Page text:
This Is Where Likely 2016 Voters Draw The Line On Gun Rights

Gun rights lobbyists and gun owners rally in support of concealed carry gun legislation in front of the Illinois State Capito
Gun rights lobbyists and gun owners rally in support of concealed carry gun legislation in front of the Illinois State Capitol March 5, 2014 in Springfield Ill. Supporters hold their first rally since concealed carry legislation was passed, and within days of the first permits being issued in Illinois, gun rights advocates are expected to be in a celebratory mood, outlining efforts to tweak current concealed carry legislation, and work against any efforts to implement an assault weapons ban. (AP Photo/Seth Perlman)

WASHINGTON -- A vast majority of likely 2016 voters oppose legislation that would allow gun owners to carry their concealed weapons without a permit, according to a new national poll released Wednesday.

The poll, shared first with The Huffington Post and conducted on behalf of Everytown for Gun Safety, a coalition of gun control groups, was done to assess public attitudes toward carrying concealed weapons. The issue is a timely one, as three state legislatures -- in West Virginia, Kansas and Montana -- are considering rolling back some of their permit requirements.

Everytown found that 88 percent of likely 2016 voters oppose concealed carry without a permit, and 57 percent of voters said they would be less likely to support a candidate who voted to allow concealed carry without a permit.

The poll did find that a majority of voters support allowing concealed carry in public, with the strongest support among Republicans, conservatives and rural voters. While the issue of concealed carry did produce some cleavages -- 62 percent of white voters support it, while majorities of African-American and Latino voters do not -- what wasn't controversial was the concept that one must obtain a permit to carry. Even 80 percent of Republicans and 80 percent of gun owners opposed concealed carry without a permit.

Everytown Chief Strategy Officer Brina Milikowsky told HuffPost that the group's polling results made it "overwhelmingly clear" that Americans "strongly oppose" concealed carry without any training, which often is a part of the permit process.

"The NRA is pushing bills in states across the country that would dismantle the permitting process that serves as a public safety measure to keep guns out of dangerous hands -- and it's imperative that political leaders in Kansas, Montana and West Virginia -- states where bills are moving forward -- listen to their constituents and not the gun lobby," she said in a statement.

Milikowsky added that the poll's results demonstrate "that the dynamics on gun politics are changing and that Americans will hold their leaders accountable for voting the right way to keep our families and communities safe from gun violence."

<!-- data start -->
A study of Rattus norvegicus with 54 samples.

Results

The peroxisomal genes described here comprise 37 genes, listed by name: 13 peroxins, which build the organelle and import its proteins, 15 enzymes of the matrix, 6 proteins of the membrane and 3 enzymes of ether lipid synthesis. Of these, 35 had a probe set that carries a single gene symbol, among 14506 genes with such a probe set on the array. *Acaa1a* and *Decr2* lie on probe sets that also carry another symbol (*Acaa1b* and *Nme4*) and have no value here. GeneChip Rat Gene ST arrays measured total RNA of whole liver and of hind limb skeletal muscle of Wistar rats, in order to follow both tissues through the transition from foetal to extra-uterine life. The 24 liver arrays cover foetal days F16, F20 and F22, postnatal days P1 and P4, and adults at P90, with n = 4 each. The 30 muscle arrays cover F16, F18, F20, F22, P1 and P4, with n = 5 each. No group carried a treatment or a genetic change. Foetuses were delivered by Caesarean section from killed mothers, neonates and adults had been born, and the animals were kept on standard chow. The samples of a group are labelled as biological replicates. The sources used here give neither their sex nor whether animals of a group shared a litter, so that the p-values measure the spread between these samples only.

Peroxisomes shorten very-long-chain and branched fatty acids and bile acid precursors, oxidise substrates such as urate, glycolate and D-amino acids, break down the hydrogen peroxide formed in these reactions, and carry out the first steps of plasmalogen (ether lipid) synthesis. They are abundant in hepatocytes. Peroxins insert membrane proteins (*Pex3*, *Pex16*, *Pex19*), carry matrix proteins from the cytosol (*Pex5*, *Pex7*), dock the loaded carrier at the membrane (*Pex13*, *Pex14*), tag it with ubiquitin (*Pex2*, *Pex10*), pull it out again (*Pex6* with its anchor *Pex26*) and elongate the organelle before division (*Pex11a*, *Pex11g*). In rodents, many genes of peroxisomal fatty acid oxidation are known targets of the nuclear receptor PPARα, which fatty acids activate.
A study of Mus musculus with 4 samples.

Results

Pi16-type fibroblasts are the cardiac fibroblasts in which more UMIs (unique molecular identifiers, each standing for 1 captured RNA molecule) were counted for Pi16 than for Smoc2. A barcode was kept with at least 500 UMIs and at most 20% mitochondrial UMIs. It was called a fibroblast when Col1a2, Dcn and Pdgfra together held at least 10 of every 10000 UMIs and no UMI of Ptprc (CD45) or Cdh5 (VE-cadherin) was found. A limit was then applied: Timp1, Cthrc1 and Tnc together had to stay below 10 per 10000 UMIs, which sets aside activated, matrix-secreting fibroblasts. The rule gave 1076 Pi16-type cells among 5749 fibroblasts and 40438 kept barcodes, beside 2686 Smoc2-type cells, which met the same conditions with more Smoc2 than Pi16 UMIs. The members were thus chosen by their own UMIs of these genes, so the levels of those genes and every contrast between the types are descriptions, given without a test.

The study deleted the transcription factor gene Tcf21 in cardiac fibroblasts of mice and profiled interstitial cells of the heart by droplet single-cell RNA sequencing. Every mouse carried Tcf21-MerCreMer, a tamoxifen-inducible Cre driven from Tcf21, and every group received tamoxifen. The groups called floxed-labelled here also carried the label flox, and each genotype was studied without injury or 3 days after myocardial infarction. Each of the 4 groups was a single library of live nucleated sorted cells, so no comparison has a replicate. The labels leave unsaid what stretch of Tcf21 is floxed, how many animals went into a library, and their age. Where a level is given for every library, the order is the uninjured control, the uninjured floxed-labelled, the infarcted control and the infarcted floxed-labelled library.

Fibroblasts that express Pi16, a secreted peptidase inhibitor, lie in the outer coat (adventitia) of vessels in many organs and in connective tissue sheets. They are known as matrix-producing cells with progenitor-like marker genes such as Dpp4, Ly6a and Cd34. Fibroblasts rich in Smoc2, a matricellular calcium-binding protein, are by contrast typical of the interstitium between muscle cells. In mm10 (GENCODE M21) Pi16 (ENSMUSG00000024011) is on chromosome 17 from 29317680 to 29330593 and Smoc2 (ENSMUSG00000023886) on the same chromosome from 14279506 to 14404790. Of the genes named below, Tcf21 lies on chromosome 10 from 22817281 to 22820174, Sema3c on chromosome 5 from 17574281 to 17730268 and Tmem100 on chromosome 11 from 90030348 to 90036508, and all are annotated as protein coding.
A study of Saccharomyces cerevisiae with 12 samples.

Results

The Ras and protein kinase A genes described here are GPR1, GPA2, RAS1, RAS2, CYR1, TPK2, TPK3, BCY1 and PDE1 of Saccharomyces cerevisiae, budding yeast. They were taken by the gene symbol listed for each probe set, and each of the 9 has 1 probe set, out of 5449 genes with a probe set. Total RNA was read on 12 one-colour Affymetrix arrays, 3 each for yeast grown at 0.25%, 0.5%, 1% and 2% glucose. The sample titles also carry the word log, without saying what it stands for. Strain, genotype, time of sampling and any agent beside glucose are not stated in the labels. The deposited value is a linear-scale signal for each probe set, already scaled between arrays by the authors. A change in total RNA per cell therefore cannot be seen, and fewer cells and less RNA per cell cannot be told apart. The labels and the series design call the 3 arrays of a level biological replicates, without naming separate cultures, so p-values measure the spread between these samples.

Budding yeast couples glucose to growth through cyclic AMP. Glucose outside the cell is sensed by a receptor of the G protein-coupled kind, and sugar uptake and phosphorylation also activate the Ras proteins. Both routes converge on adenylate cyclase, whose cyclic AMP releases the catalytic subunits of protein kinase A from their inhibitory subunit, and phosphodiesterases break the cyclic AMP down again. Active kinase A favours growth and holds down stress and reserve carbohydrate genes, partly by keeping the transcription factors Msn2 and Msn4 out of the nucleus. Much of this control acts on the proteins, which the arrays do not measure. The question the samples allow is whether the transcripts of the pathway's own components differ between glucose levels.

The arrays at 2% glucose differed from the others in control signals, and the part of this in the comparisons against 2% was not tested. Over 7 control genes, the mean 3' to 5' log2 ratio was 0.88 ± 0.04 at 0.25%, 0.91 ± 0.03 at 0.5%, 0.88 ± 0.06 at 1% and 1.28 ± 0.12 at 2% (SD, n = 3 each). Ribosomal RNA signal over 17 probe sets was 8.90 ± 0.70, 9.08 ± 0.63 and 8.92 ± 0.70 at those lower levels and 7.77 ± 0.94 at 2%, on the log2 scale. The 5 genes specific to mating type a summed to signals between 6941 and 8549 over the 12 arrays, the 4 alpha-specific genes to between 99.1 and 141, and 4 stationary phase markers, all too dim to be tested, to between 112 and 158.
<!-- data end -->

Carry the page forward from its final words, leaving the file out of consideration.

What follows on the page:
State-based polling conducted by Everytown has echoed the national results. In West Virginia, Gov. Earl Ray Tomblin (D) must decide whether to sign legislation sent to his desk allowing anyone over the age of 21 to carry a concealed weapon without a permit. A poll Everytown did there found that 83 percent of likely voters in West Virginia, and 81 percent of gun owners, favor a permit requirement.

In Kansas, where a bill ending the state permit requirement has already been passed by the state Senate and is being considered by the House, Everytown found that 78 percent of Kansans support a concealed carry permit requirement. If the state House passes the legislation, which it seems likely to do, the bill would head to Republican Gov. Sam Brownback's desk.

And in Montana, 83 percent support a permit requirement. A bill passed by the Montana state House would dismantle the state's current concealed carry permitting system, which requires those living in cities to have a permit (those in rural areas are not required to have one). Democratic Gov. Steve Bullock has vetoed similar legislation in the past.

Permit-less concealed carry, which gun rights supporters refer to as "constitutional carry," is legal in Vermont, Arizona, Alaska and Wyoming. Gun rights supporters say people who meet the requirements to own a gun shouldn't have to obtain permission from their state government to carry it concealed. A 2012 Christian Science Monitor poll found that 91 percent of Americans believe a license should be required to carry a concealed gun.

The National Rifle Association declined to comment on the Everytown poll ahead of its release.

The poll, conducted by Strategies 360, surveyed 1,508 likely 2016 voters nationwide for a week in late February, and has a margin of error of 2.5 percent.